By Andria Kades and Jonathan Shkurko

A day after Nikos Christodoulides emerged as Cyprus’ elected president, the horse trading over cabinet members appeared to be in full swing.

Christodoulides insists his government will be one of ‘broad social acceptance’, but what exactly does that mean?

The president-elect has highlighted his cabinet will be formed by new faces, people who have not served as ministers before.

Christodoulides met with outgoing president Nicos Anastasiades in the evening, where they discussed matters of internal governance and the Cyprus problem.

The president-elect was asked to comment on possible cabinet choices, but did not say any names, just that there were people already in mind.

According to CyBC, Christodoulides also said that he will decide by the day of his inauguration if he will be moving into the presidential palace with his family.

He specified he does have candidates in mind for the 16 appointments some of whom have a political background and others who do not. Nonetheless, their political ideologies are not what shape his decision, he stressed.

“The appointment of the members of the cabinet is at an advanced stage. It is something that will be entirely my responsibility and by extension those choices, whether they are positive in the process or negative, the responsibility again will be mine.”

Christodoulides said he is eyeing technocrats that are experts in their field and are in touch with the political life of the country. Already, he has informed some potential candidates and not received a negative response – though he refrained from specifying who just yet.

“Once both sides have agreed on everything, there will be an announcement, why not?”

The president-elect had pledged his cabinet would be comprised 50/50 of men and women – a promise he reiterated on the night of his election. He described the government formation a decision of “peak political importance”.

Another key criterion is that they have faith in his election campaign plan, he added.

Earlier in the day, Konstantinos Letymbiotis who has been part of Christodoulides’ campaign team told the state broadcaster the meetings with party leaders would be part of his efforts to find mutual satisfaction in the formation of government members.

Asked if Akel and Disy refuse to take up ministerial posts if this would mean this is not a ‘broad social acceptance’, Letymbiotis responded negatively.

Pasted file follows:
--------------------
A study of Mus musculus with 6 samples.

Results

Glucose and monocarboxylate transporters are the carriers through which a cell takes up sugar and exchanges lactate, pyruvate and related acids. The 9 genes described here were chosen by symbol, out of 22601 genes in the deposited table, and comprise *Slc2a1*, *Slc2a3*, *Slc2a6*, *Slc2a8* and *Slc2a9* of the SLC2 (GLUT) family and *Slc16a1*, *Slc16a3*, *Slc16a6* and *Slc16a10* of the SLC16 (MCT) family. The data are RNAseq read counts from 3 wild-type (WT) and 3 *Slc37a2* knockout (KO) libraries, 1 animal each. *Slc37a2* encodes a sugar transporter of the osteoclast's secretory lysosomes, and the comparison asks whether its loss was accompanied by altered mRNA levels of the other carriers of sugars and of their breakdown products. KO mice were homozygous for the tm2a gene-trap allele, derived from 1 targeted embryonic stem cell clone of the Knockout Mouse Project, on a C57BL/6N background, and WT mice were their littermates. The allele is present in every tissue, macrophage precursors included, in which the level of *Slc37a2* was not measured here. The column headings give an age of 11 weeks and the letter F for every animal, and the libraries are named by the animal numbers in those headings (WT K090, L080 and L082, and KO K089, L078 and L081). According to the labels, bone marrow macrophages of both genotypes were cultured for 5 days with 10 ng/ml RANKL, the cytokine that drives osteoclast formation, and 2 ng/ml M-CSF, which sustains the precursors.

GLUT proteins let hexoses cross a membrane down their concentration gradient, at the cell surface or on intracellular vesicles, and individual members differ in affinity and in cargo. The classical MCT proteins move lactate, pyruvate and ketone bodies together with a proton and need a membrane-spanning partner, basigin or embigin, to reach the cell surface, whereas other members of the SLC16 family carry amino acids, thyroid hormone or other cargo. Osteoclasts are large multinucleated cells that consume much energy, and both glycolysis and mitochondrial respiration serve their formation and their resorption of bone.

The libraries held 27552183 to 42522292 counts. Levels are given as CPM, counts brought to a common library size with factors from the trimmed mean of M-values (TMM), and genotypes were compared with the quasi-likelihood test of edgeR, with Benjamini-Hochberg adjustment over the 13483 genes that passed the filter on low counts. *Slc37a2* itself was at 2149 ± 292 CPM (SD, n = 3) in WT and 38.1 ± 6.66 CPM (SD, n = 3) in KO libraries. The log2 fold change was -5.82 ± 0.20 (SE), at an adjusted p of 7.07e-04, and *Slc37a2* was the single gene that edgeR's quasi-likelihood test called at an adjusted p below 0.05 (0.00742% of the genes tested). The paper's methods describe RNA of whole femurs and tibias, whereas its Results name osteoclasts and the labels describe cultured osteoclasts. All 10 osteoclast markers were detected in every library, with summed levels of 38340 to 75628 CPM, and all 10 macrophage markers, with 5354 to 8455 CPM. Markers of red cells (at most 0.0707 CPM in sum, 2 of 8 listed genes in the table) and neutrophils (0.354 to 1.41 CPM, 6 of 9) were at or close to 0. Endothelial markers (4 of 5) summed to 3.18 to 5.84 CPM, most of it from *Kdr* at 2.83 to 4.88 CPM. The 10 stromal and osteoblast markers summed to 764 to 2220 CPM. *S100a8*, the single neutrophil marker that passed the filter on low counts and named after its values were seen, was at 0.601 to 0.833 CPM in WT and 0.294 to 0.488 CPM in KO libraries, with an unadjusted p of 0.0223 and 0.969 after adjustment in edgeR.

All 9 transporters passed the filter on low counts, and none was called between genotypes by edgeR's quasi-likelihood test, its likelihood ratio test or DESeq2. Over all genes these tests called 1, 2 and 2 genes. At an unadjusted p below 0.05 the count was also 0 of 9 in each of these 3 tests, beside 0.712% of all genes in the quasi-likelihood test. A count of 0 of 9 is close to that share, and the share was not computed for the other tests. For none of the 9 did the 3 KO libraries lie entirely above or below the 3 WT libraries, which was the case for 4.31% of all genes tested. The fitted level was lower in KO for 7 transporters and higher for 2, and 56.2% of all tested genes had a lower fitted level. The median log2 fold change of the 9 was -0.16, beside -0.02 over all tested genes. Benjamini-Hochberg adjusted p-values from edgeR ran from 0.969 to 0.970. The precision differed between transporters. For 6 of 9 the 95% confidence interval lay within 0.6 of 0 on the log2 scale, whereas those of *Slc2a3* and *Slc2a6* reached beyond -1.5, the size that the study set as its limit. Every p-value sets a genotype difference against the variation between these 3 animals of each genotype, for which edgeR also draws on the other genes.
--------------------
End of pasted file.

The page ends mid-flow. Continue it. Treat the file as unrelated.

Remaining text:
“He will take their views into account though he is the final decision maker. Posts will not be handed out in the past like three positions to this party and four positions to that party.”

‘Broad social acceptance’ thus appears to mean efforts in including individuals from across – and outside – the political party sphere in the decision-making processes of his government. Should they choose to opt out, Christodoulides will still keep his end of the bargaining by engaging in the dialogue.

Christodoulides secured 51.97 per cent of the vote on Sunday after a long campaign race.

He said that this week he will hold conversations and meetings with the leaders of all political parties in Cyprus and plans to announce the name of the ministers forming his cabinet this week.

“Meeting with representatives of the different parties across the political spectrum in Cyprus, regardless of whether they supported my candidacy or not, is very important,” Christodoulides said.

“I will not only meet with the leaders of the parties who supported me, but also with Disy’s Averof Neophytou and with Akel’s Stefanos Stefanou. Hearing their ideas and concerns is a very important step in the process for me.”

A Disy internal party meeting is set to take place on Monday at 6pm to discuss party positions after Neophytou last week announced elections for the posts will be held on. March 11. At the time, Neophytou said he will run for president of the party.